The Airport Express Train (Flytoget) serving Oslo’s main airport at Gardermoen is fighting hard to maintain its ticket prices and dominance on the line between the airport, Lillestrøm, downtown Oslo and Drammen. It reportedly admits that more competition can lead to major losses, even as it tries to railroad its way on to other lines dominated by state railway NSB.
Both Flytoget and NSB are state-owned entities that, in practice, can wind up competing against each other for passengers. Newspaper Aftenposten reported on Wednesday that NSB wants to offer more routes to the airport at Gardermoen, but Flytoget is lobbying hard to prevent the competition.
The battle between Flytoget, controlled by the state business and trade ministry (Næringsdepartementet), and NSB, controlled by the state transport ministry (Samferdselsdepartementet), has become so bitter that government attorneys have been called in to mediate between the two ministries, reports Aftenposten.
At stake, claim both Flytoget and NSB, is nothing less than their overall economy and future. In a letter to several state ministries and state railroad Jernbaneverket, Flytoget leaders claim that if NSB is allowed to run more trains to Gardermoen, the airport express train could lose nearly a third of its passengers. That would lower the value of Flytoget by NOK 1.25 billion, prompt losses and likely lead to a need for state subsidy.
High-speed comfort at a price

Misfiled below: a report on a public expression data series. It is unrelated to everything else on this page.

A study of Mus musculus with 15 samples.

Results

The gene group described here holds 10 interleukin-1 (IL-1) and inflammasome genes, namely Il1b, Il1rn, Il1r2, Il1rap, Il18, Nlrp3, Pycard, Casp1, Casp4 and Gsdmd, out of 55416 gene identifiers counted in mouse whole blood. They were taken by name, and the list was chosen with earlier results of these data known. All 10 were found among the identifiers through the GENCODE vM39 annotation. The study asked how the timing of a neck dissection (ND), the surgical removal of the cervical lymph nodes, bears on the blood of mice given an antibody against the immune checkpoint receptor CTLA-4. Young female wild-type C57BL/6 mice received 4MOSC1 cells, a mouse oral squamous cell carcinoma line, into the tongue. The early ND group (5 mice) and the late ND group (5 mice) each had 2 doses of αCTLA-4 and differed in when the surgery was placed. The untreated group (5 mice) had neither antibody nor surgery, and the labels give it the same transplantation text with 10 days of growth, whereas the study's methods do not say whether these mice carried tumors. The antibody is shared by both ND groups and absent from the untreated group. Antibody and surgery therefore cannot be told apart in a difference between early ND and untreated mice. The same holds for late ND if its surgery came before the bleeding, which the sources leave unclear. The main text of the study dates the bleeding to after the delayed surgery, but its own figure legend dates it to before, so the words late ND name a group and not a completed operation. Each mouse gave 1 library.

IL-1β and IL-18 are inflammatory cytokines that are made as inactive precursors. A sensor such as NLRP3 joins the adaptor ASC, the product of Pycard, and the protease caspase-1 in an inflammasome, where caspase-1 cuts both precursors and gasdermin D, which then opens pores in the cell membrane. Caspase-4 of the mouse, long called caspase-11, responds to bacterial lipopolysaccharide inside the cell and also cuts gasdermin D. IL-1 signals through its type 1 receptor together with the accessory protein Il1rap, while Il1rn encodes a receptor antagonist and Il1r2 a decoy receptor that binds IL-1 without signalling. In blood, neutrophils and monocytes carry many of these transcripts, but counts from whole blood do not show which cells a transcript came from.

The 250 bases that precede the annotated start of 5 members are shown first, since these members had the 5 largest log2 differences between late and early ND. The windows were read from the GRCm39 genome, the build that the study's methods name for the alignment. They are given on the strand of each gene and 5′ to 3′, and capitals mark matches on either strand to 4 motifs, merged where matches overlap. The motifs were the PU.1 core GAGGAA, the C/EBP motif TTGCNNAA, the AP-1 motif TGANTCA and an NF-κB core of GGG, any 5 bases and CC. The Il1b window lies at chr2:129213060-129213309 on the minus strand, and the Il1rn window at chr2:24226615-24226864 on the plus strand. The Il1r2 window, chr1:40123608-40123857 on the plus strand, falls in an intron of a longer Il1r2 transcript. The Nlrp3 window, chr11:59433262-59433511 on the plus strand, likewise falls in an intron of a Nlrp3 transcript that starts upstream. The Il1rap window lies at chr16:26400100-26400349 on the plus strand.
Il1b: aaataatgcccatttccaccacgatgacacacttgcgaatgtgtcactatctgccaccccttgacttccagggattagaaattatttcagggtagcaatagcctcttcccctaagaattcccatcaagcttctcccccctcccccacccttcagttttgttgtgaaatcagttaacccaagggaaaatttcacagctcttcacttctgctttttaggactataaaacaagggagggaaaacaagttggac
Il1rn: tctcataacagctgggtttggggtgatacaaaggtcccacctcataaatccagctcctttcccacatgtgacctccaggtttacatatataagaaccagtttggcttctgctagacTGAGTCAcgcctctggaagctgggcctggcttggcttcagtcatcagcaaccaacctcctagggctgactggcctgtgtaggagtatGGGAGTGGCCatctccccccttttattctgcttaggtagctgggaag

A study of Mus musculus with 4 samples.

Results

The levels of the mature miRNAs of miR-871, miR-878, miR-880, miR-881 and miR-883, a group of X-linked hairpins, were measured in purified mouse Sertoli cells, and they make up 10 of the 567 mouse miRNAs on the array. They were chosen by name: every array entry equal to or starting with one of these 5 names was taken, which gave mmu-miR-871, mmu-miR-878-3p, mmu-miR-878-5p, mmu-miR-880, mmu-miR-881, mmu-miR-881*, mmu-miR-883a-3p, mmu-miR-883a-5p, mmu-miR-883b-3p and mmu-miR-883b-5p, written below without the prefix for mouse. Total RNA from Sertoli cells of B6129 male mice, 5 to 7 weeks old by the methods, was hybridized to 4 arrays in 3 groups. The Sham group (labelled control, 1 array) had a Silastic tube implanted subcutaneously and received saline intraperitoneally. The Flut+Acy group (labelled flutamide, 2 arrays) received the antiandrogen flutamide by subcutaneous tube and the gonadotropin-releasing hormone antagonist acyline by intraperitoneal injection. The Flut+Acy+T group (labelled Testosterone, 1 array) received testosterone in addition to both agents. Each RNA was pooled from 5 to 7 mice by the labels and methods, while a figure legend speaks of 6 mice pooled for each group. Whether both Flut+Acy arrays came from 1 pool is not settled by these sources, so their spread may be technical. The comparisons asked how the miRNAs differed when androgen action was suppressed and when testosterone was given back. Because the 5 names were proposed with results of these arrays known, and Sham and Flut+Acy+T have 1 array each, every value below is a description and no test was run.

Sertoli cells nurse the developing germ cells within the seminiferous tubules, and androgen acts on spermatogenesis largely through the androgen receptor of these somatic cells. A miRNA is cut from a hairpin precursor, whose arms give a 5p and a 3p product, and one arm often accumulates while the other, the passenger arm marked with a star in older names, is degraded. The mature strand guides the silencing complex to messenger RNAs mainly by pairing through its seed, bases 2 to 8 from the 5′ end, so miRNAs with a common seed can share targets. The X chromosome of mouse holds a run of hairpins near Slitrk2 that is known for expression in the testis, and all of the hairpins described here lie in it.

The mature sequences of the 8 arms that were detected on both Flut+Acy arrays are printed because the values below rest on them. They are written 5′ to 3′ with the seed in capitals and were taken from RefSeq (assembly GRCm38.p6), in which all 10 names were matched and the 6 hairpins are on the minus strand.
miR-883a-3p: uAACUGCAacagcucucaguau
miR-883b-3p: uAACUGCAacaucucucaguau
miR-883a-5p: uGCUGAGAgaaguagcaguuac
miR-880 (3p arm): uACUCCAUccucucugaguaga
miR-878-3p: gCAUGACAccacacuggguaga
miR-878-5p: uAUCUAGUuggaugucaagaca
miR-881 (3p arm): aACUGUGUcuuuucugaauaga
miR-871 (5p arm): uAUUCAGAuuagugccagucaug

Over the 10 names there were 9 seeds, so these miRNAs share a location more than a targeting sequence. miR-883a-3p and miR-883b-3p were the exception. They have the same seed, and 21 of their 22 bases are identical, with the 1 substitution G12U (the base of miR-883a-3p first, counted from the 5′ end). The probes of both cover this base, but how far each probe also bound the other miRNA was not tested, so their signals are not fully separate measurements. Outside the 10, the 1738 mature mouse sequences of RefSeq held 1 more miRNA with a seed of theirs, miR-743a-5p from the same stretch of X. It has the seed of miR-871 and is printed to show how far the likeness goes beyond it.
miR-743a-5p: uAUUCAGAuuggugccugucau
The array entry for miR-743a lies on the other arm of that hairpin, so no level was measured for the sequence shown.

Flytoget was Norway’s first high-speed train line, launched when the airport at Gardermoen opened in 1998, and it aimed at discouraging airline passengers from making the long drive to the airport. Its service is generally considered fairly luxurious on elegant trains with only one stop between downtown Oslo and the airport.
Its ticket prices, however, are high, even by Norwegian standards. With a round-trip adult ticket between Oslo and the airport costing NOK 340 (nearly USD 62), and more if it’s bought at the counter instead of a machine, it can make more sense for couples or families traveling together to splurge on a taxi. A roundtrip Flytog ticket can also, by comparison, cost as much as a cheap one-way airline ticket on a cut-rate carrier.
NSB clearly sees potential, therefore, for boosting business of its own on the line. NSB argues that it can make the trip to Gardermoen almost as quickly as the high-speed Flytoget and at lower fares. NSB’s existing service already is used by passengers willing to endure NSB’s more frequent stops in return for a lower fare.
Flytoget accuses NSB, however, of promoting its airport service with the advantage of state subsidy. If NSB succeeds in attracting more airport passengers, it will lead to overcapacity on Flytoget and packed trains on NSB, claims Flytoget.
Meanwhile, Flytoget is keen on challenging NSB on NSB’s most profitable train lines in Norway, the so-called “InterCity” service from Oslo to Halden, Skien and Lillehammer. NSB claims Flytoget itself is thus boosting competition between them by “expanding its geographical field,” and also by recently expanding its line to Drammen.